Madison Township to address nuisance properties


By Linda Dillman
Staff Writer

It’s mowing season, which means Madison Township Road Department employees will soon spend one day every two weeks mowing private properties that owners refuse to tend to and billing them for the service.

While the township has a years-long backlog of properties assessed on their tax liens, a recent discovery and ruling by the county prosecutor is forcing the township to tweak the process.

“We’ve had to establish new procedures based on the Ohio Revised Code,” said Madison Township Administrator Susan Brobst during the April 10 Madison Township trustee meeting. “Going forward, we’ll have a trash or nuisance resolution for the board.”

Instead of a blanket resolution approving properties from a separate list, all properties, owners, and parcel numbers are now individually listed on the public agenda for single approval under nuisance abatement.

Trustee John Kershner said properties identified in violation of the township policy will be notified and a special hangtag placed on the front door of the dwelling.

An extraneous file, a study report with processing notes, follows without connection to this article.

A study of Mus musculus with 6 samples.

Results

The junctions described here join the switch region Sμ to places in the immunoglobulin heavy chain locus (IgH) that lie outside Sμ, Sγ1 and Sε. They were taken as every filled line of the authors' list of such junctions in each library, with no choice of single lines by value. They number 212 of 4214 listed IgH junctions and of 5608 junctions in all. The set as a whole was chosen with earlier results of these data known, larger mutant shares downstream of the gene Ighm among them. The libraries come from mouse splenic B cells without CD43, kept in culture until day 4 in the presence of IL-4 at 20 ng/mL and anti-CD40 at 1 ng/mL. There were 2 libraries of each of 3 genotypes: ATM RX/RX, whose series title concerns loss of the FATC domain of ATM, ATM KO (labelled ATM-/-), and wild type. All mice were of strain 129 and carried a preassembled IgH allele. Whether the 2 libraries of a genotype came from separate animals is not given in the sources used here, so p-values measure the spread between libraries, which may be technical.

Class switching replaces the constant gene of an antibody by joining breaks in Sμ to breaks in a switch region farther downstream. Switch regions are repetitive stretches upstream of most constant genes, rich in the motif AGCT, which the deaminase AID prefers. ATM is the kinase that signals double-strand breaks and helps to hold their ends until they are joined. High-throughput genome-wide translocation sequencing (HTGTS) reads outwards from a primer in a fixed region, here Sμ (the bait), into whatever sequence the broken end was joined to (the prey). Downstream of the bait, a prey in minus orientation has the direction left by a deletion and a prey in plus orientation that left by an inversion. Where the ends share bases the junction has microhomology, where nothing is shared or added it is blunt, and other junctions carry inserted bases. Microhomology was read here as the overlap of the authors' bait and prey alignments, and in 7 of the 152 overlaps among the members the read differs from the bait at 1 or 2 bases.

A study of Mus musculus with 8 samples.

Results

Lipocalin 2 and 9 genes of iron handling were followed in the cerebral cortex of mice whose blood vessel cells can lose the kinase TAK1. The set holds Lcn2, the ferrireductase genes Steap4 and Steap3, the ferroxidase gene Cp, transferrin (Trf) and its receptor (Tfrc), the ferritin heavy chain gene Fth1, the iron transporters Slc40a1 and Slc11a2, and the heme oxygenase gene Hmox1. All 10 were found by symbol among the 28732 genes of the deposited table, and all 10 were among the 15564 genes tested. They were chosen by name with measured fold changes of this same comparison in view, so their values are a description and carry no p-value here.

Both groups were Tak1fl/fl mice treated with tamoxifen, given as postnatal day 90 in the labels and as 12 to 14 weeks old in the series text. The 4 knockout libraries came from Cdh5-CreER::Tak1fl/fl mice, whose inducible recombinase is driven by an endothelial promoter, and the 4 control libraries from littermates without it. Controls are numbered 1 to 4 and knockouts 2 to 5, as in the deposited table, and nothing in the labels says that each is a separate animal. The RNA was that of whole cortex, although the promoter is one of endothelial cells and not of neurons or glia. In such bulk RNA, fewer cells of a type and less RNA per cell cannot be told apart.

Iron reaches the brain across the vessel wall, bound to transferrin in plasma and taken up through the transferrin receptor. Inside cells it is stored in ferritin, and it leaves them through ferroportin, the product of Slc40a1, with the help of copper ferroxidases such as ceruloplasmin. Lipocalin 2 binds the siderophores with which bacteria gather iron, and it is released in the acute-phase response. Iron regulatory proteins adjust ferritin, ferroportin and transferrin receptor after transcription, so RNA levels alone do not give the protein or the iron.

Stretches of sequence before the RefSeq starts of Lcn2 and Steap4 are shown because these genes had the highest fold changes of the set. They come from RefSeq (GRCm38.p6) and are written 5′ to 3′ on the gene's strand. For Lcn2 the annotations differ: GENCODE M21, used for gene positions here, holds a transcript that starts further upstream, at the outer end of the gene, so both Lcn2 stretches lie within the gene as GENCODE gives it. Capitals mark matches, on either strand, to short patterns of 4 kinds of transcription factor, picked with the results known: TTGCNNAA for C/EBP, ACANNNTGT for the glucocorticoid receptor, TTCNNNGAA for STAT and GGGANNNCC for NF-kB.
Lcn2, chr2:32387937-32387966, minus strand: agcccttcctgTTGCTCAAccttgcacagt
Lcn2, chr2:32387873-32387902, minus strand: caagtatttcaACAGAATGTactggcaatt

The procedures address vegetation, garbage, refuse, or other debris kept in such a manner that causes damage, annoyance, inconvenience, blight/and or affects the health, safety and welfare of adjacent residents or properties.

There are 11 properties owned by individuals, rental businesses, and investment companies declared nuisances because they were littered with refuse, garbage and other debris.

Other Madison Township news
•The trustees approved a contract with Dinsmore and Shohl to represent Madison Township in Bureau of Workers Compensation issues addressing firefighter cancer law cases, with charges not to exceed $6,000.

Trustee John Pritchard said the township is not retaining a law firm to fight or deny a firefighter’s estate.

“This is all new for us,”said Pritchard, who added there is a list of cancers directly related to firefighting. “The state of Ohio is finally recognizing the hazards firefighters face.”

Brobst said the township is not trying to fight firefighters, but because the legislation is so new, the township felt the need for legal advice outside of its normal channel.

•A new fire prevention inspector, William Carroll, and four part-time firefighters, Grant Ellis, Justin Murphy, Owen Rodeniser and Thomas Tremains, were sworn in by Interim Fire Chief Jeff Fasone during the meeting and policies addressing cell phones and recording devices were approved.